September 09, 2021

Food voucher program provides local produce to food insecure patients and gives back to area farmers


Thanks to WellSpan's Market Bucks program, Brian Runkle is able to purchase local produce at area farm markets and eat healthier.

Thanks to WellSpan's Market Bucks program, Brian Runkle is able to purchase local produce at area farm markets and eat healthier.

Brian Runkle had been living in his 2000 Cadillac Escalade for a few years when his health began to decline. He had Type 2 diabetes and was having cardiac issues that had been going on for some time.

A personal cell phone and a computer at the local library were Runkle’s main ways of communicating, but when COVID-19 hit the region last year, the library temporarily closed. 

“I couldn’t see well enough on my phone and I put off seeking medical attention,” he said.

Fast forward to 2021 – Runkle, at 59, entered WellSpan York Hospital in April with continued cardiac symptoms. He spent 12 days in the hospital and needed a defibrillator.

During recovery, he met Julie Sokalski, registered dietitian who works with patients who are in cardiac rehabilitation. She not only counseled him about heart healthy foods and recipes but also introduced him to WellSpan’s Market Bucks program, where he obtained vouchers to purchase healthy foods from participating farm markets.

In addition, with the help of the WellSpan’s Arches to Wellness recuperative care program, which provides housing during Runkle’s recovery, he has access to a kitchen and is able to prepare his own meals.

How does Market Bucks work?

Since 2014, WellSpan’s Market Bucks program has provided food insecure patients access to healthier foods, including fruits and vegetables from participating farm markets. The program offers a “food is medicine” approach for WellSpan Medical Group and specialty patients.

The program, which runs from May through October, helps patients get their recommended daily servings of fruits and vegetables and try new fruits and vegetables they may not otherwise be able to afford, Sokalski explained. 

“Heart disease comes as a surprise to a lot of our patients and many changes often come with managing heart disease,” she said. “Market Bucks allows these patients to go to the farmer's market and pick up fresh herbs, vegetables, and fruits to prepare and eat at home.”

Sokalski educates patients on how to pick, store and prepare their fruits and vegetables as well as provides different ways to incorporate them into each meal and snack.  

And with 37 local farm markets participating in the program – including 10 new farmers from Franklin and Lebanon counties this year – patients like Runkle have a wide range of choices that are close to home. The bucks are redeemable through October so participants may take advantage of the region’s optimal growing season.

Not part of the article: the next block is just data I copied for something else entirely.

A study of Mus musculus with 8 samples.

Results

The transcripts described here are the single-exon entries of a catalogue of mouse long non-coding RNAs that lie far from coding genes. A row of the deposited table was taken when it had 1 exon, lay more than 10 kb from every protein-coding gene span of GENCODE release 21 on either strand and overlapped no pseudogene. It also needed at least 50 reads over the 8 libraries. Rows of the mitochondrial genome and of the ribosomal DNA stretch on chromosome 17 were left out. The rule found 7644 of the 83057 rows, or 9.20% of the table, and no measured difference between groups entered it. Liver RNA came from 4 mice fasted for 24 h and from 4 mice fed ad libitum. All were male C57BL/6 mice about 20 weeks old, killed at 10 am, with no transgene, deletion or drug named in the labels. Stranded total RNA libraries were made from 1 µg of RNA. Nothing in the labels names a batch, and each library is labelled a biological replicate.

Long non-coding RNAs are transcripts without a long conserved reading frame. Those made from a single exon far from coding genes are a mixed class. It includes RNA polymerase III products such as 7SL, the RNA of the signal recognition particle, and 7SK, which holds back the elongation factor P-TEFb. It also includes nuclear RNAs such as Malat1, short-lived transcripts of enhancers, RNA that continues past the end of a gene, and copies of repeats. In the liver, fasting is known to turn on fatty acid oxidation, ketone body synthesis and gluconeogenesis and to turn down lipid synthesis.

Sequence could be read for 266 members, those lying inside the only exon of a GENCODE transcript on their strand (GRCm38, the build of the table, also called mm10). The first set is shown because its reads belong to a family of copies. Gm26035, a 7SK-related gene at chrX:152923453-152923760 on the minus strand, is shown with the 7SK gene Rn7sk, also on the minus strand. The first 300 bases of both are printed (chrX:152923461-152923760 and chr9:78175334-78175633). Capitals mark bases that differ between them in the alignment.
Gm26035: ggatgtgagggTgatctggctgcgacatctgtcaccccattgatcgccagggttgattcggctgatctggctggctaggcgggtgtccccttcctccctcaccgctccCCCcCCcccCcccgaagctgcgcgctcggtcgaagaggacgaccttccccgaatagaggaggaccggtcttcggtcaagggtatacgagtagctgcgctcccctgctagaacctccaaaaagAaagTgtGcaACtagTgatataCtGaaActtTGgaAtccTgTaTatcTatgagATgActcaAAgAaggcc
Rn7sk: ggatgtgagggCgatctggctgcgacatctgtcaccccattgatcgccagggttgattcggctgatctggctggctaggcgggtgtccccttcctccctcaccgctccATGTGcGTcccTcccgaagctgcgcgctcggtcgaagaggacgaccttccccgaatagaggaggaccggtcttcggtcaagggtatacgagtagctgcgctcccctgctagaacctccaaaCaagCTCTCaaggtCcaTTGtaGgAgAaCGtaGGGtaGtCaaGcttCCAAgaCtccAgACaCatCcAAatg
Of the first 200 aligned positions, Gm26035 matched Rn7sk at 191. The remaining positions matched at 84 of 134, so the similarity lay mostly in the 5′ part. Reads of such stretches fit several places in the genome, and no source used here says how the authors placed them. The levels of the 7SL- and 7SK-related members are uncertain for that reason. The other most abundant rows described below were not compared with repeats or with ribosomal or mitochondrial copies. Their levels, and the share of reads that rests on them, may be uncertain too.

“No matter where I go, I can find a market,” Runkle said and added that he often “shops” around for certain foods. 

Armed with $60 in Market Bucks at each distribution, Runkle has been able to redeem his bucks for the freshest produce in season. He’s on a low-sodium diet, counts his carbohydrates and often uses spices to add flavor to his recipes. 

And having been raised on a 200-acre farm near Cross Roads, in York County, he recognizes the importance of fresh local produce. 

During a recent visit to J-Mar Farms in York, Runkle purchased ingredients for fruit and garden salads, including fresh broccoli, cauliflower, spring onions and tomatoes which will last him most of the week, for less than $20. He also makes his own low-salt version of ranch dressing.

“I love to cook,” he said and added that he often oversees the holiday meals for his mother each year. From plain or oyster stuffing, to preparing the turkey, Runkle makes it all from scratch, only now it’s healthier. 

A healthier and richer community

As of last year, the program helped nearly 900 patients since 2014 and 98 percent of the participants completed the program, according to Joe Anne Ward-Cottrell, Market Bucks coordinator, health educator, Community Health and Wellness.  

In addition, since Market Bucks began, more than $96,000 has gone back to local farmers in support of the local food system, she added.

“It's very rewarding when patients tell me they have used this tool to their full advantage to try new fruits and vegetables, explore new farmer's markets, freeze leftovers for the off-season, and then find a way to add fruits and vegetables to their budget, when possible,” Sokalski said.

These days, Runkle said he is feeling healthier and credits the program for helping him achieve a healthier weight and lifestyle, losing almost 90 pounds and walking without running out of breath.

New pilot program – Market Bucks Lite

This year, Market Bucks Lite began assisting specialty patients who aren’t eating the recommended amounts of fruits and vegetables and who also qualify as food insecure. 

Maternal health, cancer and cardiac patients receive a one-time distribution of vouchers for fruits and vegetables during and after their treatment or medical condition, Ward-Cottrell said.